A violin repair tutor from Merton College has been lending his talents to a music school in Uganda, training none other than Charles Dickens. Keith Graves swapped the Merton College swapped for two weeks at the Kampala Music School teaching student Charles how to repair violins and helping maintaining work on their violins, cellos and basses. Having a famous namesake isn't the only reason people are talking about Charles – thanks to Keith, he is now the only trained string repairer in East Africa.
Keith is a member of Luthiers Sans Frontières (violin makers without borders), a small international charity on a mission to train violin and bow repairers in developing countries where no local services are available. The organisation is made up of trained professionals from over a dozen countries that give up their time to share their knowledge in areas that need it most.
Keith, head of musical instrument technology at South Thames College, said: "The feeling of doing something useful and meeting fantastic people is the reason I got involved with the charity. Charles wrote to us to say it was literally a life changing experience for him, as he could no longer work with furniture due to a lung condition brought on by exposure to the wood dust. He's doing great now - despite only word of worth marketing of his new skills, Charles has already had requests from Kenya and Northern Uganda."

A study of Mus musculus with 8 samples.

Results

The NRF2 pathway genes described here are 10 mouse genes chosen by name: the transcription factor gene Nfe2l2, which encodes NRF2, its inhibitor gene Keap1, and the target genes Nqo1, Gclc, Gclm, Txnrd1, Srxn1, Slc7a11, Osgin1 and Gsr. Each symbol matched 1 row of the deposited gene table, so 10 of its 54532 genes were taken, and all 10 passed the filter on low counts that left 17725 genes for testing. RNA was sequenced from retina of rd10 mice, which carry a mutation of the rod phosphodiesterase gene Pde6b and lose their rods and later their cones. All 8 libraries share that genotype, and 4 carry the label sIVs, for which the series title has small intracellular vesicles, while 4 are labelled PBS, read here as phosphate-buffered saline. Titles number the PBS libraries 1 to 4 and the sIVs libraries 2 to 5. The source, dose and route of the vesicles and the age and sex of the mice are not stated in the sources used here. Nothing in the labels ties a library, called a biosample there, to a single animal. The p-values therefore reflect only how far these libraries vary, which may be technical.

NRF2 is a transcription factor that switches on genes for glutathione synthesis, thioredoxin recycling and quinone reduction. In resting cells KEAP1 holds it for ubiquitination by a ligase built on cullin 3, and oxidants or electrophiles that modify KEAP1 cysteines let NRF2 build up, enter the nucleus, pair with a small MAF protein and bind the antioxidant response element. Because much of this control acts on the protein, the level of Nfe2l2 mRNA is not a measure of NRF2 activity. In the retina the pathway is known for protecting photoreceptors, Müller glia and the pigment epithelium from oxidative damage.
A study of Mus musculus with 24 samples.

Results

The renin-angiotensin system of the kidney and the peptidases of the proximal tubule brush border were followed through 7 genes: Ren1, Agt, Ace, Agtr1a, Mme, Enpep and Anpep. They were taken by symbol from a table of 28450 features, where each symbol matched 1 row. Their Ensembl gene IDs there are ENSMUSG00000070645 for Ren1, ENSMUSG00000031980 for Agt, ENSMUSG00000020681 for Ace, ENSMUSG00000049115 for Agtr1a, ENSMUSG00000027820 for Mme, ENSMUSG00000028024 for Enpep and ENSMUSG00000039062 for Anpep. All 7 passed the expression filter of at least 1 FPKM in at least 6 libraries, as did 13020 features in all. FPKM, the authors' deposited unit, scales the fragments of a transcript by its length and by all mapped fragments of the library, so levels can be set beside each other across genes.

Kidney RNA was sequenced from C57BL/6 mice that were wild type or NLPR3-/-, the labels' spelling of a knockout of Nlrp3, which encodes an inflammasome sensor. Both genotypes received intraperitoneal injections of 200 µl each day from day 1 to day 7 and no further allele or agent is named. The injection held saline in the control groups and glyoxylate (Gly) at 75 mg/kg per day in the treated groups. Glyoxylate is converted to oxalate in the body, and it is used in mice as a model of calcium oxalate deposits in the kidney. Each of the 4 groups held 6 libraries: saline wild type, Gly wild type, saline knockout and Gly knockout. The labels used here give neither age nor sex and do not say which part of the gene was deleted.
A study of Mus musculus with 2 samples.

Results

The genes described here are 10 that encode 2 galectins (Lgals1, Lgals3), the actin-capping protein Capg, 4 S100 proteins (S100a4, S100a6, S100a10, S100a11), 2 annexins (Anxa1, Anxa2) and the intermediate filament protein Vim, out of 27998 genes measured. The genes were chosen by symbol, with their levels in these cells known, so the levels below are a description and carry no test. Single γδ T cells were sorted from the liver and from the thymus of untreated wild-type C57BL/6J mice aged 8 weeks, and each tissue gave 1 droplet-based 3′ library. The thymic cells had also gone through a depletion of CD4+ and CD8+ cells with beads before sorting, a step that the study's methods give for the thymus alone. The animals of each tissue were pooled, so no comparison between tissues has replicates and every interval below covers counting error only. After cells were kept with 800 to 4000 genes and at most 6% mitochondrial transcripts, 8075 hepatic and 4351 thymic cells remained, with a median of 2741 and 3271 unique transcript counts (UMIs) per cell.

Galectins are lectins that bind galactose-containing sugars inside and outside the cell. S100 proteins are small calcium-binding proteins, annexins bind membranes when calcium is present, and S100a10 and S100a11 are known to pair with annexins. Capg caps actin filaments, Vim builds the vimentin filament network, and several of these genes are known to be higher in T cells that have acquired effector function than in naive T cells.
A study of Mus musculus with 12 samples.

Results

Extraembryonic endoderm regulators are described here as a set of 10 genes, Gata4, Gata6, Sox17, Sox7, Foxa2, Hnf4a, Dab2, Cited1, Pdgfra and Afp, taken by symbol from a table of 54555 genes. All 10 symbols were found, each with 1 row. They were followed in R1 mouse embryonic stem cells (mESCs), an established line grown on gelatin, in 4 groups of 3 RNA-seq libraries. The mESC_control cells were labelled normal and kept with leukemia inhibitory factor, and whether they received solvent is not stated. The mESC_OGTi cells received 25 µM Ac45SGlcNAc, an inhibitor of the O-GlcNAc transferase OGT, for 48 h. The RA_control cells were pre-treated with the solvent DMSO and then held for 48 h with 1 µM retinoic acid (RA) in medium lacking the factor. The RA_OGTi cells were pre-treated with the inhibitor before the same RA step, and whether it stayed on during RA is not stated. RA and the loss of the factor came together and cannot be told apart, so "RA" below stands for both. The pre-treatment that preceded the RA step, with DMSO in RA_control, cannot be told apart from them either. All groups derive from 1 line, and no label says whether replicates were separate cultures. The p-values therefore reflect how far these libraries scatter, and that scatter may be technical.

A violin making and repair tutor, Keith has over 20 years of teaching experience and over 30 years of instrument making as well as repair and restoration experience. South Thames College is one of the few centres in the UK to run musical instrument making and repair courses, with students travelling from as far afield as Switzerland.
Keith continued: "Charles had great woodworking skills to start with but even if you're a complete beginner, we have a course for you. As long as you have patience, a determined attitude and a love of musical instruments you'll succeed."